How Unleashing Two Dams Extended Washington’s Coast

Elizabeth Borneman


What do you get when two dams are removed? Well, you get Washington’s Olympic Peninsula.

Olympic Peninsula

The iconic Olympic Peninsula in Washington State is the quintessential Pacific Northwest locale; it has rivers, forests, mountains, coastline, and even a rainforest.

The peninsula is also home to a vibrant amount of flora and fauna, each dependent on the many water sources that flow through the region.



Two concrete dams were removed that were holding back the Elwha River for over a century. A hundred years of water and silt had built up, and the release of the dams caused a wave of water and sand to pour forth.

A concrete dam with water running through it and vegetation in the lower bottom right of the picture.
The remove of Elwha Dam began in September of 2011 and was completed by March 2012. Water drawn down of the damn in June 2011. Photo: Leslie Dierauf, USGS, public domain.

The removal of the dams caused an expansion of the coastline of Washington and created a massive estuary. Vancouver Island in Canada got a bit closer as the river’s mouth pushed sediment into the Strait of Juan de Fuca.

An aerial photo showing sediment flowing from the mouth of a river with vegetation and stream braiding.
Sediment at the mouth of the Elwha River as a result of dam removal. Photo: Jeffrey Duda, USGS, public domain.

Dam removal effects on wildlife at Elwha River

Salmon have already begun to spawn in the upper regions of the Elwha River, as they did before the dams were built.

Eagles and other wildlife have also been spotted, and residents of the area are taking advantage of this new stretch of land to explore.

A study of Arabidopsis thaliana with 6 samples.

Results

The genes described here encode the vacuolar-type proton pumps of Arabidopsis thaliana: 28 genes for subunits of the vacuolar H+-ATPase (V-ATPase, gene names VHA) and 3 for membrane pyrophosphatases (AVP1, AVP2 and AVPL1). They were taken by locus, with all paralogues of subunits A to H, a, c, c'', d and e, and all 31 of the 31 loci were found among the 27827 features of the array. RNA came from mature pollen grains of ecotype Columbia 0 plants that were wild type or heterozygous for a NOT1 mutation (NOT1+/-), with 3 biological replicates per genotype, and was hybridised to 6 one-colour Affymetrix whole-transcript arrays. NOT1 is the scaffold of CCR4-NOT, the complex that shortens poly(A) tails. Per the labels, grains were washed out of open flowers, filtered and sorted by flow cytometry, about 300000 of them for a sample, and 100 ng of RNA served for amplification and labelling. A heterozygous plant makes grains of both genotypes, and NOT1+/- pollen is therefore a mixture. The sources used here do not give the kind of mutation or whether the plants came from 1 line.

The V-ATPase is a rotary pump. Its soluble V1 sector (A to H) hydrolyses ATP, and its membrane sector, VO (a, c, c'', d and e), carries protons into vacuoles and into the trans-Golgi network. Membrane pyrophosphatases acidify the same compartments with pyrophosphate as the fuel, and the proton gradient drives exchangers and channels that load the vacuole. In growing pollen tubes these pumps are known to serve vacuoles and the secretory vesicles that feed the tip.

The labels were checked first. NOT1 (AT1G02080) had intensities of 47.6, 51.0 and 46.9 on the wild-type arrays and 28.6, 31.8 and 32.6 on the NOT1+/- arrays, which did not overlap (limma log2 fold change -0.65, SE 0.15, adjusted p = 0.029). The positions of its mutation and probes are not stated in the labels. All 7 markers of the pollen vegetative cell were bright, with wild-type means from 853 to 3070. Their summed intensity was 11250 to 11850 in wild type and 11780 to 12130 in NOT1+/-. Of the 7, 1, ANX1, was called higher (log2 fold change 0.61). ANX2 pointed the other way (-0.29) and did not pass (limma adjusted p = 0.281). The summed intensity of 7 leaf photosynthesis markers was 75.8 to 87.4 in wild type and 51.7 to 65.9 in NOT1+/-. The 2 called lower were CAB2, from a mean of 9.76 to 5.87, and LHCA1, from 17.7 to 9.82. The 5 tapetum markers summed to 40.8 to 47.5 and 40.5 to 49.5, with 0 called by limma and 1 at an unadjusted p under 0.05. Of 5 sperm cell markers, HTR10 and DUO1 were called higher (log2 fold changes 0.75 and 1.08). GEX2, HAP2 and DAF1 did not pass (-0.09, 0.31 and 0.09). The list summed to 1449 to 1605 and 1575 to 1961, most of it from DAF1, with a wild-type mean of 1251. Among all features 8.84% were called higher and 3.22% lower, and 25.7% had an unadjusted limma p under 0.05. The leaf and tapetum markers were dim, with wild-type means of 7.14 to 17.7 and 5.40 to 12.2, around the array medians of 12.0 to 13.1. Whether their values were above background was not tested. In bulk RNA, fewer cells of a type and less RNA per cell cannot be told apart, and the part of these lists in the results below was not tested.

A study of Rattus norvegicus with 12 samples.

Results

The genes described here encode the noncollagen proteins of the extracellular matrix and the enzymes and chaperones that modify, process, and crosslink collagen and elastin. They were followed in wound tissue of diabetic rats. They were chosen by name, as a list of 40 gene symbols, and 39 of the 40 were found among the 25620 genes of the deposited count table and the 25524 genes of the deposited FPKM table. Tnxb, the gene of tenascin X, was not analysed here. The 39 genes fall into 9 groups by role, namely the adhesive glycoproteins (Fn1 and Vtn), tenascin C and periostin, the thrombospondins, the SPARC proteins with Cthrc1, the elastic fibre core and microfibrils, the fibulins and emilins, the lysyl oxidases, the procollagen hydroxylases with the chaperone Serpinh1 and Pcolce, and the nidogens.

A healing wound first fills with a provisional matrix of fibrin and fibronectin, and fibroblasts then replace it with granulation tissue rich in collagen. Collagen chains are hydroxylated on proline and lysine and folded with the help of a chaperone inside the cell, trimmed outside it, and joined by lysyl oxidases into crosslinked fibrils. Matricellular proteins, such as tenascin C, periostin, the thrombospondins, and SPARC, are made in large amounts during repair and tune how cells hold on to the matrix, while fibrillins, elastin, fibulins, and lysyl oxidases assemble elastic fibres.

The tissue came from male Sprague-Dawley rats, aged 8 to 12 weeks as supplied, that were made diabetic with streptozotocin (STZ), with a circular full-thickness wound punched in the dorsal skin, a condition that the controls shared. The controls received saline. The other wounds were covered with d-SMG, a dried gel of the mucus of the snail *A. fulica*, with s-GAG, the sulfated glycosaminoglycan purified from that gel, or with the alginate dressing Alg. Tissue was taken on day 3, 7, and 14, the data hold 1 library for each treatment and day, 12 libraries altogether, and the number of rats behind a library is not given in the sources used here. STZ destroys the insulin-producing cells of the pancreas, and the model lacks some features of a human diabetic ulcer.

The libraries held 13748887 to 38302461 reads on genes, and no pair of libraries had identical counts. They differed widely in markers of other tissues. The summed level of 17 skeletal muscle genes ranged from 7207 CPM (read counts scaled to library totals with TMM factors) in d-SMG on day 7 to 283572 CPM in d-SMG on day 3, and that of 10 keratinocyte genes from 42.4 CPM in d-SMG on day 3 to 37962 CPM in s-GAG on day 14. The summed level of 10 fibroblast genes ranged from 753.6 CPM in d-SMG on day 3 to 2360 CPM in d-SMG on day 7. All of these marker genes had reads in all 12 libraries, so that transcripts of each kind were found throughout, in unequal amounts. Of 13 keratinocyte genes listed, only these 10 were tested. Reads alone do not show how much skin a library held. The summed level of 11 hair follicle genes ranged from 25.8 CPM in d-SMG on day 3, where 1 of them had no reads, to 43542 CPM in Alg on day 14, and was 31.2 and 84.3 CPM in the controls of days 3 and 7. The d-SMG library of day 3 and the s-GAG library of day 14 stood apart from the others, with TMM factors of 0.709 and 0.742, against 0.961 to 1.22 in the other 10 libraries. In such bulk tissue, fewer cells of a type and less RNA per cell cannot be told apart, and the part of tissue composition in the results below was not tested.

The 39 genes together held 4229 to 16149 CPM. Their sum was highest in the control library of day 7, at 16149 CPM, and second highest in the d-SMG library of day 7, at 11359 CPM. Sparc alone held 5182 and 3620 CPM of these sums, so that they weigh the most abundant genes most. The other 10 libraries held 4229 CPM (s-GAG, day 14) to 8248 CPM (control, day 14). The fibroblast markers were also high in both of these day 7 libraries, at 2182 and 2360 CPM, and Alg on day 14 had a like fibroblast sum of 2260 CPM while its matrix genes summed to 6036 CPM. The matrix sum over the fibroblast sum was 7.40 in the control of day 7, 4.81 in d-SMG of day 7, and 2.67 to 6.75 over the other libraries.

Local surfers are in support of the new beach that was created, as they no longer hit rocks when they catch a wave.

Map of the Elwha River in Washington and the location of the two former dams.  Map: USGS
Map of the Elwha River in Washington and the location of the two former dams. Map: USGS

The dams’ removal didn’t come problem-free. The higher water levels in the river resulting from built up sediment caused floodwaters to rise higher than they usually do, causing two campgrounds and a road to be washed out.

While the National Park Service is unsure if the campgrounds will be rebuilt, they say the road is an important way for people to see the rebirth of this important Washington waterway.

Nature has reclaimed this corner of Washington, and it will be a dynamic environment for many to enjoy for years to come.

More about the dam removal from Elwha River

Elizabeth Borneman
My name is Elizabeth Borneman and I am a freelance writer, reader, and coffee drinker. I live on a small island in Alaska, which gives me plenty of time to fish, hike, kayak, and be inspired by nature. I enjoy writing about the natural world and find lots of ways to flex my creative muscles on the beach, in the forest, or down at the local coffee shop.